Texas Wants Federal|Money to Fight Zika

     AUSTIN, Texas (CN) — Citing 40 Zika cases already reported in Texas, dozens of state congressmen have asked President Obama for federal money to help fight the virus.
     In a Monday letter to the president, Lt. Gov. Dan Patrick said a review of Texas’s preparation and response to the Zika virus “painted a grim picture of the potentially devastating effects” of the disease, especially on pregnant women and their unborn children.
     Thirty-four Texas congressmen signed the letter, as did both its U.S. senators, the governor, and three state senators.
     The letter was prompted by a recent hearing in the Texas Senate’s Health and Human Services Committee, which looked at the incidence of Zika, modes of transmission, prevention strategies and local mosquito control programs.
     Patrick said that while the state has developed a Zika plan and is working with local health departments, all levels of government need to work together to prevent the virus’ spread.
     “There should be a coordinated federal, state and local response, including a comprehensive communications plan to inform the public and the health care community about this devastating disease, enhanced surveillance and laboratory capacity, and coordinated identification and notification efforts for those who are infected,” Patrick wrote.
     He said the state’s ability to fight Zika is “hampered by the uncertainty of federal funding.” Texas’ Public Health Emergency Preparedness division recently had its federal funds cut by $3.6 million.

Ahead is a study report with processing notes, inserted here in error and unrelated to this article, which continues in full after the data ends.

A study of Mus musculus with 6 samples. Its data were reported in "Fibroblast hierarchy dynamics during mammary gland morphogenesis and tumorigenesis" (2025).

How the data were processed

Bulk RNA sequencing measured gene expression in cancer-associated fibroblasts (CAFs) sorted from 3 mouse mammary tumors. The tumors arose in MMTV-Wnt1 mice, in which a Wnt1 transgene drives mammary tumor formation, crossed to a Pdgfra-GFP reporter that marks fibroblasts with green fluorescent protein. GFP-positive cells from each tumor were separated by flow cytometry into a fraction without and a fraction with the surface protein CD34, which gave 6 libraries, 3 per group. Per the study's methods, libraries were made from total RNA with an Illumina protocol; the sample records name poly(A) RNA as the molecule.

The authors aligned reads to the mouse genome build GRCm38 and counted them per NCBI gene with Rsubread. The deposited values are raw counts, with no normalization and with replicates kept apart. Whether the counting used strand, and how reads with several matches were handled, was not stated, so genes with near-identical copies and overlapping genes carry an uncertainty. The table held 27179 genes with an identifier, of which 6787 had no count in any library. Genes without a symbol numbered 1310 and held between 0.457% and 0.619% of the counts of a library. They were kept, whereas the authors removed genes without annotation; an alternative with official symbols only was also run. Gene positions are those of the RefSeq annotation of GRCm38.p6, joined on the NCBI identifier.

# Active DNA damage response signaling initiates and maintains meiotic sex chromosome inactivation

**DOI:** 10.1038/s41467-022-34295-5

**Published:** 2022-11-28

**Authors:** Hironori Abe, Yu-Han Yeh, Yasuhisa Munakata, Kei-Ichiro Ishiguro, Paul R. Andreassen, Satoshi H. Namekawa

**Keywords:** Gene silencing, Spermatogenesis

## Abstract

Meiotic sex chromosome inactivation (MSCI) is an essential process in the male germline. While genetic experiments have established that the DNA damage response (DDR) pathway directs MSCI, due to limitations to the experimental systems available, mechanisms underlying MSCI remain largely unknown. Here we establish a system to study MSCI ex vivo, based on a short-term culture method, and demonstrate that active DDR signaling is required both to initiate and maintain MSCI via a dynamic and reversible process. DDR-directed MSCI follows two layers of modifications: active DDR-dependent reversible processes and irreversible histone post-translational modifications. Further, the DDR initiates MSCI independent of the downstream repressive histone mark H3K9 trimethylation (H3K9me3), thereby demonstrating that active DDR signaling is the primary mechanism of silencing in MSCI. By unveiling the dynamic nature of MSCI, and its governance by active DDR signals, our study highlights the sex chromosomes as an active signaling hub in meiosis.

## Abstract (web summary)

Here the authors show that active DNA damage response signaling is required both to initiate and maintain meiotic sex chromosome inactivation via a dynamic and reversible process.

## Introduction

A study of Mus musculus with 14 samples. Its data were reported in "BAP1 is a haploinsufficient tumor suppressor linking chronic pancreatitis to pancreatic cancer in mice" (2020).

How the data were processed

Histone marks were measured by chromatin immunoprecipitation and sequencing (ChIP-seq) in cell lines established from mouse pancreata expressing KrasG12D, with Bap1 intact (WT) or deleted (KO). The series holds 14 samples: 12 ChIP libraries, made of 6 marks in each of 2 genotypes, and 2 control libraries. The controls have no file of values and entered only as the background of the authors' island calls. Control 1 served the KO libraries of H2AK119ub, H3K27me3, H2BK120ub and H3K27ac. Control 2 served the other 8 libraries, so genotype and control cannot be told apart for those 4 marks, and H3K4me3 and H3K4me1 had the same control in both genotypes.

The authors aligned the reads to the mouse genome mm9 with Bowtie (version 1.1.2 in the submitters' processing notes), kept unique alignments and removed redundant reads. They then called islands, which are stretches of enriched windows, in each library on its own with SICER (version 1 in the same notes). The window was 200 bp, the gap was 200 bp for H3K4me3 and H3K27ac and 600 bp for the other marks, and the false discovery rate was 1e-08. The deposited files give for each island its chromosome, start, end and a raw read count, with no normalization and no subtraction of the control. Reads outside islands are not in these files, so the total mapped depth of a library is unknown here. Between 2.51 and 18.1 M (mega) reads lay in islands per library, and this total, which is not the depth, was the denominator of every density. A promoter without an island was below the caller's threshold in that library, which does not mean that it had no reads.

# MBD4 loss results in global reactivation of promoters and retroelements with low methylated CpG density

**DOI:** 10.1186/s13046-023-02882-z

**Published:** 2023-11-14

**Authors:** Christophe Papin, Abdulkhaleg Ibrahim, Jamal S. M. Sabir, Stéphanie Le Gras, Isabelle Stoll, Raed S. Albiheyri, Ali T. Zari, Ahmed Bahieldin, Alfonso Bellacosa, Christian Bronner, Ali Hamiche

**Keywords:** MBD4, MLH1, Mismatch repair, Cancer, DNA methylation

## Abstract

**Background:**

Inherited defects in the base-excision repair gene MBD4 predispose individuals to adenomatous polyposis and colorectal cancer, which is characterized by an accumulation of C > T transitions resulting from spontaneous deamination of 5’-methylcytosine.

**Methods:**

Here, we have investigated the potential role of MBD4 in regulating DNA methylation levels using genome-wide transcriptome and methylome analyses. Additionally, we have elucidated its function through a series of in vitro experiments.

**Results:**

Also, the onset of mosquito season means that waiting for federal money until the end of summer will be too late. “States and local health departments need the assistance now,” Patrick wrote.
     He said persistent flooding in Texas and hot summer weather makes the state more susceptible to Zika than most of other states.
     The Centers for Disease Control says the Zika virus, discovered in 1947, is spread to people primarily through bites from an infected Aedes mosquito. It also can be spread through sexual contact and blood transfusion.
     Zika is rarely fatal and people usually do not need hospitalization for it. The most common symptoms are fever, rash, joint pain and conjunctivitis, with the typically mild symptoms lasting for several days to a week.
     But if a woman is infected by the Zika virus during pregnancy, it may cause her child to be born with microcephaly, an abnormally small head, and other fetal brain defects.
     Patrick’s office told Courthouse News Texas is asking for a $1.5 million federal grant from the Centers for Disease Control to fight Zika. The Texas Department of Health said in late May that it had earmarked $2 million in federal grant money for a public information campaign. A spokesman for Patrick’s office said he did not know how much state money Texas was spending on Zika.
     Of the 40 confirmed cases of Zika in Texas, 39 were travelers who were infected abroad, including one pregnant woman. One case involved a Texas resident who had sexual contact with someone who acquired Zika abroad. The most cases in a single county — 13 of them — were reported in Harris County, home to Houston, followed by six each in Dallas County and Bexar County, home of San Antonio.